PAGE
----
All I know of Stevie Smith is her poem Not Waving But Drowning and I decided to keep it that way ahead of seeing Hugh Whitemore's play at Hampstead (Poly didn't even know she was a poet and I'd like to have seen the play through her eyes).
Not Waving makes an appearance, as do several of her other poems as we visit Stevie (Zoe Wanamaker) living with her 'lion aunt' (Lynda Baron) in suburban North London, working by day as a secretary in Piccadilly and writing by night.
Chris Larkin acts a sort of narrator and stands in for various boyfriends and acquaintances of Stevie's. Through the three characters we learn of Stevie's childhood, teenage years and how she thinks of the world.
It is a warm, tender and amusing portrayal from Wanamaker in what is a warm and gentle play. Stevie was an independent and extremely intelligent woman and probably viewed as an eccentric at the time. She wasn't really interested in men and was obsessed with death in that it was a subject and state that fascinated her, something that was reflected in her poems. She sought out other writers and became a bit of a celebrity, broadcasting on the BBC.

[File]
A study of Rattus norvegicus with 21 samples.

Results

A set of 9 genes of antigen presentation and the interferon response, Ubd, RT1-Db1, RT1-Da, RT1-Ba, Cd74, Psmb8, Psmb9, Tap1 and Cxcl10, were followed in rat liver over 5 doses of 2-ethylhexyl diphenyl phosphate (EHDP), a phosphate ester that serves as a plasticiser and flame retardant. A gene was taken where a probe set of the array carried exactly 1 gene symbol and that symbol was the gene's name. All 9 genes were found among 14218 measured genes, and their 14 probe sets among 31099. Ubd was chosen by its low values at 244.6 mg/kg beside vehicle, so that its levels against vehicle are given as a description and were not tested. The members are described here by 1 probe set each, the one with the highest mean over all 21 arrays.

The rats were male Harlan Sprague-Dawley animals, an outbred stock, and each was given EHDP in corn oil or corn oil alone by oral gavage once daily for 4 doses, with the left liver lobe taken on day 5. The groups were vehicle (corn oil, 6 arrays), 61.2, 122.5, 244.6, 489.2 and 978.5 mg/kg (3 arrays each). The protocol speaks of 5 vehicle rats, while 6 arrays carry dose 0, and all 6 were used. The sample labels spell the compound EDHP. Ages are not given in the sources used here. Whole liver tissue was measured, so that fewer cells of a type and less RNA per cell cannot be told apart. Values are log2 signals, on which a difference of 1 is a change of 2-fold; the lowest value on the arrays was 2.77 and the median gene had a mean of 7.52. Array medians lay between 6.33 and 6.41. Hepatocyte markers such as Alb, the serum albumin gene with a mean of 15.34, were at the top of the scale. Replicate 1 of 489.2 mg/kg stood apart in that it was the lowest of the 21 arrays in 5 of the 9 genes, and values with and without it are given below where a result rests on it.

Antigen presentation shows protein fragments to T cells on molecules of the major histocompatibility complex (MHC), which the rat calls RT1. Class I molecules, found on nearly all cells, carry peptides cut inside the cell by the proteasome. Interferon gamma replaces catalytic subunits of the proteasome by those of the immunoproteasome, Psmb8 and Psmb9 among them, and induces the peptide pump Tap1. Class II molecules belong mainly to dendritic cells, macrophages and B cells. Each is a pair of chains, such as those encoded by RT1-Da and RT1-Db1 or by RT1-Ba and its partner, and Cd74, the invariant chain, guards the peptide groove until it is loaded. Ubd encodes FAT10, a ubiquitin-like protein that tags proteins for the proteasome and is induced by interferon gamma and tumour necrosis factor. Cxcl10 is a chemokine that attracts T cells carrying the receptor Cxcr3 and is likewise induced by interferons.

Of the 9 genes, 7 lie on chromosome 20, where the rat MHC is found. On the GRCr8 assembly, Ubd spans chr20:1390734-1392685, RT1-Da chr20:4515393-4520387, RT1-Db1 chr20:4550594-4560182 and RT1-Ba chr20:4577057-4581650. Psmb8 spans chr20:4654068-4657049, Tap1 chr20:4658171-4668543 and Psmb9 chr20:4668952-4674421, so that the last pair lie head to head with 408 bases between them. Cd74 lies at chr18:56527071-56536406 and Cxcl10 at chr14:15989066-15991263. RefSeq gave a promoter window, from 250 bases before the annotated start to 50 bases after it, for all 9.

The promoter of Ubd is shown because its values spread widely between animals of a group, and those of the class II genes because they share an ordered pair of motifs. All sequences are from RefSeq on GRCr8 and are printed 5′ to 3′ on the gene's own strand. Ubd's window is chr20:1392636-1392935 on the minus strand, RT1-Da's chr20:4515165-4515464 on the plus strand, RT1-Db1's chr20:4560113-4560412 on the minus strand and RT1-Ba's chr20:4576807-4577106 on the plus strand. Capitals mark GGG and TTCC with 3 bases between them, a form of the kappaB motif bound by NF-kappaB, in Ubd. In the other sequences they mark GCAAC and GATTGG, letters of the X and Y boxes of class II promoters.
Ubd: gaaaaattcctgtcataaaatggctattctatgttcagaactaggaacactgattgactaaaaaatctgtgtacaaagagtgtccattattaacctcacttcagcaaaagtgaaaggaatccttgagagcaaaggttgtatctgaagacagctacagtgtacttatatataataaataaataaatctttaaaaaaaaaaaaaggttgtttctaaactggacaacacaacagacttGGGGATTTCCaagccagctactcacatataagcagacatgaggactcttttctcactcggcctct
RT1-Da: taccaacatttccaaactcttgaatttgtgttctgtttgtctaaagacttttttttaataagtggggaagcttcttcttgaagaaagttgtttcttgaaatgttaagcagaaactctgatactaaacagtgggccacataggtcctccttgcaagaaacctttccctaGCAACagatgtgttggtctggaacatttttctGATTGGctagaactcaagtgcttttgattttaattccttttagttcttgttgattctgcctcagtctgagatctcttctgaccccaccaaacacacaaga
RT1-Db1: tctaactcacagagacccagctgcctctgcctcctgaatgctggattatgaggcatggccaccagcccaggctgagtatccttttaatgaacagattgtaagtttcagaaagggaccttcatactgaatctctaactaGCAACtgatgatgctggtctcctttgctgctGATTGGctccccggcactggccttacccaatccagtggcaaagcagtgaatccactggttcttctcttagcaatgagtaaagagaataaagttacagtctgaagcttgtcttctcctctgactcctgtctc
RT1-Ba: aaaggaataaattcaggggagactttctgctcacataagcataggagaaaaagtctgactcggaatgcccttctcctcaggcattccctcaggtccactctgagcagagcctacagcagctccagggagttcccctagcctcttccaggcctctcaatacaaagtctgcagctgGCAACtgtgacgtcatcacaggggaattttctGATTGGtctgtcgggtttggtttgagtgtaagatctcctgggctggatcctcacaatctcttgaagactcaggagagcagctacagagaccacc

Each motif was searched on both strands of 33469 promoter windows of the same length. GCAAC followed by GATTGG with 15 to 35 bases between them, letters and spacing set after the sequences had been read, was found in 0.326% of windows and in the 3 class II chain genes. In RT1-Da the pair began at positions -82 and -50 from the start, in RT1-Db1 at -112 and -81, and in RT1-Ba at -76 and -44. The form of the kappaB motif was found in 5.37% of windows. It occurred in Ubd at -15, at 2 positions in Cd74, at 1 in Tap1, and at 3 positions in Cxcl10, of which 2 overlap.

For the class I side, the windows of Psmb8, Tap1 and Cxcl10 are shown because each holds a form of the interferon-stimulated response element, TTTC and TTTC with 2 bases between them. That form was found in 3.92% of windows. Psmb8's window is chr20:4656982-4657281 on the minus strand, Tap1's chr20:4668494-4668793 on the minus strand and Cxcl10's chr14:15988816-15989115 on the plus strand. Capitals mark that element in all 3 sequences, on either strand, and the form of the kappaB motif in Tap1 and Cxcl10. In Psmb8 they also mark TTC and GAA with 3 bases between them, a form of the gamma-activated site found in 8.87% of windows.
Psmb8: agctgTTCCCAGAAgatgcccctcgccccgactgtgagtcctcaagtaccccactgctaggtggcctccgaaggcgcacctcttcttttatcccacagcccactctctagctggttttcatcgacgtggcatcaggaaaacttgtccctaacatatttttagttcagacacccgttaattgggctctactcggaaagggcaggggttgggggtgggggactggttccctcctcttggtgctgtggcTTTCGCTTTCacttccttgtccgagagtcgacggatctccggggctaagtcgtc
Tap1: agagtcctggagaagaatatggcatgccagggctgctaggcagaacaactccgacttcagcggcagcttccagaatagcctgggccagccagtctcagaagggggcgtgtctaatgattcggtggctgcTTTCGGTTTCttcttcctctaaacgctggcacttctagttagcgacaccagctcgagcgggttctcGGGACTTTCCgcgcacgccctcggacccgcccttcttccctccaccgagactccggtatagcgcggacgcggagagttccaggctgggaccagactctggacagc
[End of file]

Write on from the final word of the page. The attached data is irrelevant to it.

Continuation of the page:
The darker side of Stevie, her depression, attempted suicide and nervous breakdown are in the play but you have to really look for them and as a result it feels glossed over as part of her 'eccentricity'. Perhaps that reflects the period in which it was written, 1977, when mental health was still very much a taboo. Ruby Wax was in the audience and I'd love to know what she thought about it as someone who is very vocal about mental illness.
Stevie is a pleasant and amusing play, and enjoyable for that but on reflection is feels a bit of its time and I can't help wondering how a play of her life would look if written now.
Chris Larkin was in His Dark Materials at the National Theatre in which a very young Mr W also appeared.